Honolulu Symphony Pops conductor Matt Catingub and Elvis Costello rehearse for Costello's Spring concert. photo: Karin Kovalsky


Matt Catingub wants you—as an audience member. “I want people to realize that classical music is fun,” says the Honolulu Symphony Pops conductor. “Some musicians don’t like me saying this, but we’re entertainers. People aren’t coming to see how brilliant you are, they want a show.” To that end, not only has Catingub brought in big names such as Elvis Costello and James Ingram, he’s invited the local music community onstage with the Honolulu Symphony by creating orchestral arrangements for Keali‘i Reichel, Amy Gilliom, Makaha Sons and Na Leo, among others. “I can’t think of another city orchestra that can do what we do. Our local music scene is so strong, and so supportive.”

Catingub sees the Honolulu Symphony’s Pops program as being the ideal introduction to classical for those unfamiliar with orchestral music. “Who out in Wai‘anae is going to come out to see the Honolulu Symphony play Mahler? But they’ll come out for the Makaha Sons. That’s the Honolulu Symphony, too, and I love to see them there.” Next year, mark your calendars for Pat Benatar and Jake Shimabukuro. www.honolulusymphony.com.

The Galliard String Quartet. photo: coutesy of Chamber Music Hawai‘i


If you’re looking for local classical music on a more intimate scale, the groups of Chamber Music Hawai‘i have got you covered. With anywhere from two to a dozen players, chamber music performances bring you closer to the musicians, so you can better see who’s playing what. You’ll also get a better sense of each musician’s personality than you might during one of their “day job” performances with the Honolulu Symphony. Jonathan Parrish, horn player for the Spring Wind Quintet, explains, “When working with the full orchestra, we’re confined to the artistic vision of the conductor. In chamber music, we negotiate among ourselves, and battle and badger each other till we come to some unified concept of what this piece should sound like. There’s a great deal of satisfaction in that.”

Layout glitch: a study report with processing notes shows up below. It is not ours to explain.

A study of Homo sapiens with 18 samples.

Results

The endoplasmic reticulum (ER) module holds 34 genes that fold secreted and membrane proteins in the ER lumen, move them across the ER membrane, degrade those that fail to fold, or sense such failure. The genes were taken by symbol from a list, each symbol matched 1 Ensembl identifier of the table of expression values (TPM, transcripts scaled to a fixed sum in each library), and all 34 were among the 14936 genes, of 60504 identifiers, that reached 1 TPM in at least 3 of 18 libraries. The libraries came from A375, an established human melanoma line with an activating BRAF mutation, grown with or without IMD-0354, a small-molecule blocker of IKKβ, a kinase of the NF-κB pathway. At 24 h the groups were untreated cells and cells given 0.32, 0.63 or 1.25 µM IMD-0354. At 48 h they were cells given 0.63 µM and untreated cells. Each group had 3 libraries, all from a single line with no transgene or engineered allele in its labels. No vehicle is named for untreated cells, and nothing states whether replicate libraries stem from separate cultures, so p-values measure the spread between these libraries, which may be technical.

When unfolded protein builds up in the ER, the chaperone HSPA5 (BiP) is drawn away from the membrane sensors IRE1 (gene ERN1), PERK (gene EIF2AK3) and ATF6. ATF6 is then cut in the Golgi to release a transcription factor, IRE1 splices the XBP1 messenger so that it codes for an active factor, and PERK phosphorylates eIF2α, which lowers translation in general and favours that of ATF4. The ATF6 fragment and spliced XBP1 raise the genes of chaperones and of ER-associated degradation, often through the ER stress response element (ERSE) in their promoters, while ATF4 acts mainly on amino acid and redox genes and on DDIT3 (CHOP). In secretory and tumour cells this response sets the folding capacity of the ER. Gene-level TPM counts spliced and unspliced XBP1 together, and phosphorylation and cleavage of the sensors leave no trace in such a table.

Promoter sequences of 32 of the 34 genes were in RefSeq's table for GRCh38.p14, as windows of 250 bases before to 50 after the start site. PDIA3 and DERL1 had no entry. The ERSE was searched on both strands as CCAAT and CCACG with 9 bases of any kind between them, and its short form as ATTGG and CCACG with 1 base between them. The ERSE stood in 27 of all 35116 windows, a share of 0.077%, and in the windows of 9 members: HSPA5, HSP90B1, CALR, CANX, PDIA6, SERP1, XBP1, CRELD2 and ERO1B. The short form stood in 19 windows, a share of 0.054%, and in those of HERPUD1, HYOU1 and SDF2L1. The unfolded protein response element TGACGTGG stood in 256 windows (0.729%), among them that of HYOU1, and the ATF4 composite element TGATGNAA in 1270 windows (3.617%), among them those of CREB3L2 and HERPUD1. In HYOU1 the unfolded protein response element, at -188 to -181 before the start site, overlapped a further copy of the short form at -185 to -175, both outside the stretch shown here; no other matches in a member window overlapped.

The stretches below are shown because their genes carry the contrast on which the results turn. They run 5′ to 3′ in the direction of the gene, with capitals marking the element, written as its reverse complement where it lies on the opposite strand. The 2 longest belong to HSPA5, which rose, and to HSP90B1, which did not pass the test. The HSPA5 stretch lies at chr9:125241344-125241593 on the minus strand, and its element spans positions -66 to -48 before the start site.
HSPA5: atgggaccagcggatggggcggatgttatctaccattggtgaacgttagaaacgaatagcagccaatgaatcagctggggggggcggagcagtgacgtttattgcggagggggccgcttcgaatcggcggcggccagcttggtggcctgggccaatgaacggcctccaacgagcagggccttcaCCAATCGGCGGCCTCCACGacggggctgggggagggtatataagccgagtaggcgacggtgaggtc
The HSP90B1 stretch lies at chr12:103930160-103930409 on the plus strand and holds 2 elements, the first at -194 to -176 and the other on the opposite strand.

And there’s plenty to listen to. The Chamber Music Hawai‘i season comprises two programs for each of the organization’s groups: the Honolulu Brass Quintet, Spring Wind Quintet, Galliard String Quartet (pictured above) and a Tresemble, which mixes and matches musicians from the other groups. View the entire 2006-2007 season schedule at www.chambermusichawaii.com.


Visit www.honolulusymphony.com and www.chambermusichawaii.com for upcoming concerts.